Jonathan Schanzer, senior vice president for research at the Foundation for Defense of Democracies, spoke to participants in an April 20 Middle East Forum webinar (video) about the threat posed by Iranian precision-guided munitions (PGMs).
Over the past two years, Israel has been conducting frequent "preemptive strikes" intended to disrupt Iran's efforts to qualitatively upgrade the threat to Israel posted by its proxies in Lebanon and Syria by arming them with "game changing" PGMs.
This campaign has been dubbed the "war between wars" (or "campaign between wars") by the Israeli defense establishment.
Although the Lebanese Shia Hezbollah organization has stockpiled tens of thousands of rockets, most are unguided and thus highly inaccurate. Israel's Iron Dome tracks the trajectory of incoming rockets and ignores the majority that are projected to miss their intended targets, while intercepting those few that are projected to be a threat. Upgrading large numbers of these rockets into PGMs likely to hit their targets would therefore enable Hezbollah to overwhelm Israeli defenses.
Even a small number of PGMs getting through could be devastating, Schanzer explained:
One PGM getting through to, for example, the chemical plant in Haifa could be the equivalent of a chemical weapons attack. An attack on the purported nuclear facility in Dimona would be the equivalent of a nuclear attack. And then of course there exists the possibility of simply striking high density civilian targets, apartment buildings in Tel Aviv or even the Kirya, the "Pentagon of Israel" in Tel Aviv.
Thus, Iran's PGM project "is second only to the Iranian nuclear program in terms of the threats that [Israel] face[s] right now in the region," said Schanzer. "The fact that Iran has been transferring this technology into the hands of non-state actors is a gross violation of the existing norms."
Israel has taken it upon itself to not only target the munitions themselves, but also the facilities where the munitions are built or upgraded and the engineers responsible for building them. This is not so difficult in Syria, as the Russian air force is "willing to stand down when the Israelis have things that they need to clean up," Schanzer explained. In Lebanon, Hezbollah has begun building these facilities underground in civilian-populated areas, so "it's much harder for the Israelis to strike without prompting a full blown war."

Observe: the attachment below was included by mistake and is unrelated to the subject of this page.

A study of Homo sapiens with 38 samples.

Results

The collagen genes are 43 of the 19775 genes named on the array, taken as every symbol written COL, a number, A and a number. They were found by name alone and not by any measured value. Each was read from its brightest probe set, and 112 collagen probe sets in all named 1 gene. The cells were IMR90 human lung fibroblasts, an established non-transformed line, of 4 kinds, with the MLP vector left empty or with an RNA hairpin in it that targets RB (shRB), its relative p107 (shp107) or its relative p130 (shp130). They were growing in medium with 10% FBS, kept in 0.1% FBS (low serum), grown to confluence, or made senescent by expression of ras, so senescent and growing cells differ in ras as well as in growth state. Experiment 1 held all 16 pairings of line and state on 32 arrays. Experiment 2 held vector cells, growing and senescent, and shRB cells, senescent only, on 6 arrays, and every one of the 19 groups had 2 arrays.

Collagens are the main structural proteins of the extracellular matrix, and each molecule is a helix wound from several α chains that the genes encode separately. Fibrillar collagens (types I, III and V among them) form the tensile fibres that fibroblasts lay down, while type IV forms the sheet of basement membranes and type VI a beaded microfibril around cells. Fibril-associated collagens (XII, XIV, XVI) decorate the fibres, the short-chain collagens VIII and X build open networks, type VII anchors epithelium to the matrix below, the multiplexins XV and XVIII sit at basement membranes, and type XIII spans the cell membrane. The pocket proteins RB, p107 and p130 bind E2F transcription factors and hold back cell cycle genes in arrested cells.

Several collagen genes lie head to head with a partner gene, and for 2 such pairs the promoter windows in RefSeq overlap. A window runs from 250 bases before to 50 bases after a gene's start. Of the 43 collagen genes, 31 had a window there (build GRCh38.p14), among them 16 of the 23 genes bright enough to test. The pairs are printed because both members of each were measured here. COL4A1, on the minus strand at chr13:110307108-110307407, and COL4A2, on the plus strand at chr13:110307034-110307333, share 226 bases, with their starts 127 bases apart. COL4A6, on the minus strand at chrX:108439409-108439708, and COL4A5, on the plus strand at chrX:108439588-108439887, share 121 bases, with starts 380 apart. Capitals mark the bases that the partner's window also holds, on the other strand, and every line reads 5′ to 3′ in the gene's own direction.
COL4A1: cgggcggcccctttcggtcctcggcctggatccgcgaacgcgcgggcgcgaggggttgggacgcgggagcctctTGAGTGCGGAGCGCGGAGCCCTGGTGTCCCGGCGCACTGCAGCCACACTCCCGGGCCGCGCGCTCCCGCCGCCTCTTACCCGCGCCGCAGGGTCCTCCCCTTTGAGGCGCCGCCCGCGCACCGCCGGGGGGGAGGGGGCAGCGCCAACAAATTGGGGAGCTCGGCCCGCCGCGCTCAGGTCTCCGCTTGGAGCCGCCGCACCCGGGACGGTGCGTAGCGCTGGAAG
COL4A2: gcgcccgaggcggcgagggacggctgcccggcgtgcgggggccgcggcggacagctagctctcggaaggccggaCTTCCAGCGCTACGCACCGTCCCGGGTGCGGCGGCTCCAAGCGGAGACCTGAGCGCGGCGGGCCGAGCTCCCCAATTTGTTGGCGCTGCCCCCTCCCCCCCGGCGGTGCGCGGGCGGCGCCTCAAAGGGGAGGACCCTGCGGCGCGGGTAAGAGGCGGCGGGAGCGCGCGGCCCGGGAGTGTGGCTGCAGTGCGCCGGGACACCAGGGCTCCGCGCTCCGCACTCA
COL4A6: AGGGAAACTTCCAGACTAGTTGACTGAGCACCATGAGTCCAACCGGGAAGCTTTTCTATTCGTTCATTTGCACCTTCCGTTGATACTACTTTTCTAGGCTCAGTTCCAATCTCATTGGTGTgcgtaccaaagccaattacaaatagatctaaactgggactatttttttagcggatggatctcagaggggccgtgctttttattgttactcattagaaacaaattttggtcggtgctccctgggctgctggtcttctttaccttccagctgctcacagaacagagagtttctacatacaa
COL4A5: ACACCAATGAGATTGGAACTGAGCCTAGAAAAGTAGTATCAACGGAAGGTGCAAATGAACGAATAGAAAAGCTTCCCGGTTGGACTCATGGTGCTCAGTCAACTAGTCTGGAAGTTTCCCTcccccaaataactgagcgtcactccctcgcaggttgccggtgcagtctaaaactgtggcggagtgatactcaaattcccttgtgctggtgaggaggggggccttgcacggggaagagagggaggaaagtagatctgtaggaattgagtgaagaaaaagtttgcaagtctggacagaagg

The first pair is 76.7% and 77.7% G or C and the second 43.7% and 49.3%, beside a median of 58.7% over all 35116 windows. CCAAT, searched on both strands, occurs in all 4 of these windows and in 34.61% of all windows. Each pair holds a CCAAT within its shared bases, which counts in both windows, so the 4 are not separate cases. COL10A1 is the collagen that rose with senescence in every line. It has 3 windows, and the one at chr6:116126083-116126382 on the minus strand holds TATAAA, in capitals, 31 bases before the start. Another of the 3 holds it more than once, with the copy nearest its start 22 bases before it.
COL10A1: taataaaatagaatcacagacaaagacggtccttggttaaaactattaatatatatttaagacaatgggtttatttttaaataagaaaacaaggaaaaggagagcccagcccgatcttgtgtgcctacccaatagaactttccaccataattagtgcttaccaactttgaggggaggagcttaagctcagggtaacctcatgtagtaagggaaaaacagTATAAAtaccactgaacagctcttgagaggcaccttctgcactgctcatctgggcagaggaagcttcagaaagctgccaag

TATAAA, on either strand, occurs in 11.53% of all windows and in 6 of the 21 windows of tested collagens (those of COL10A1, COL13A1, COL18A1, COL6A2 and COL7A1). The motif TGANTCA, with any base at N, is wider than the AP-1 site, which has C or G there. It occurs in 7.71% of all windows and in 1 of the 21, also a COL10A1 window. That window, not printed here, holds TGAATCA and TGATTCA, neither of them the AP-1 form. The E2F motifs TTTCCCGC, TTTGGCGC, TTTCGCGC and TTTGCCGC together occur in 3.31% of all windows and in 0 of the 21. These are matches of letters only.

"Transferring this technology into the hands of non-state actors is a gross violation of the existing norms."
Israel is not the only one threatened by Iranian PGMs, said Schanzer, noting that PGMs were used in the attack on Saudi Arabia's Abqaiq oil-processing facility last year, which took much of its production offline for several weeks, and in Iran's January 8 missile strike on U.S. forces in Iraq following the killing of Gen. Qasem Soleimani.
The PGM capabilities of Iranian proxies are "likely to be the cause of the Middle East's next war, unless we're able to find out a way to get the Iranians to stand down," Schanzer concluded. Alongside its kinetic efforts to degrade these capabilities, Israel has made diplomatic efforts through intermediaries to mitigate the threat. Unfortunately, "right now we don't see any sign of [Iran] letting up."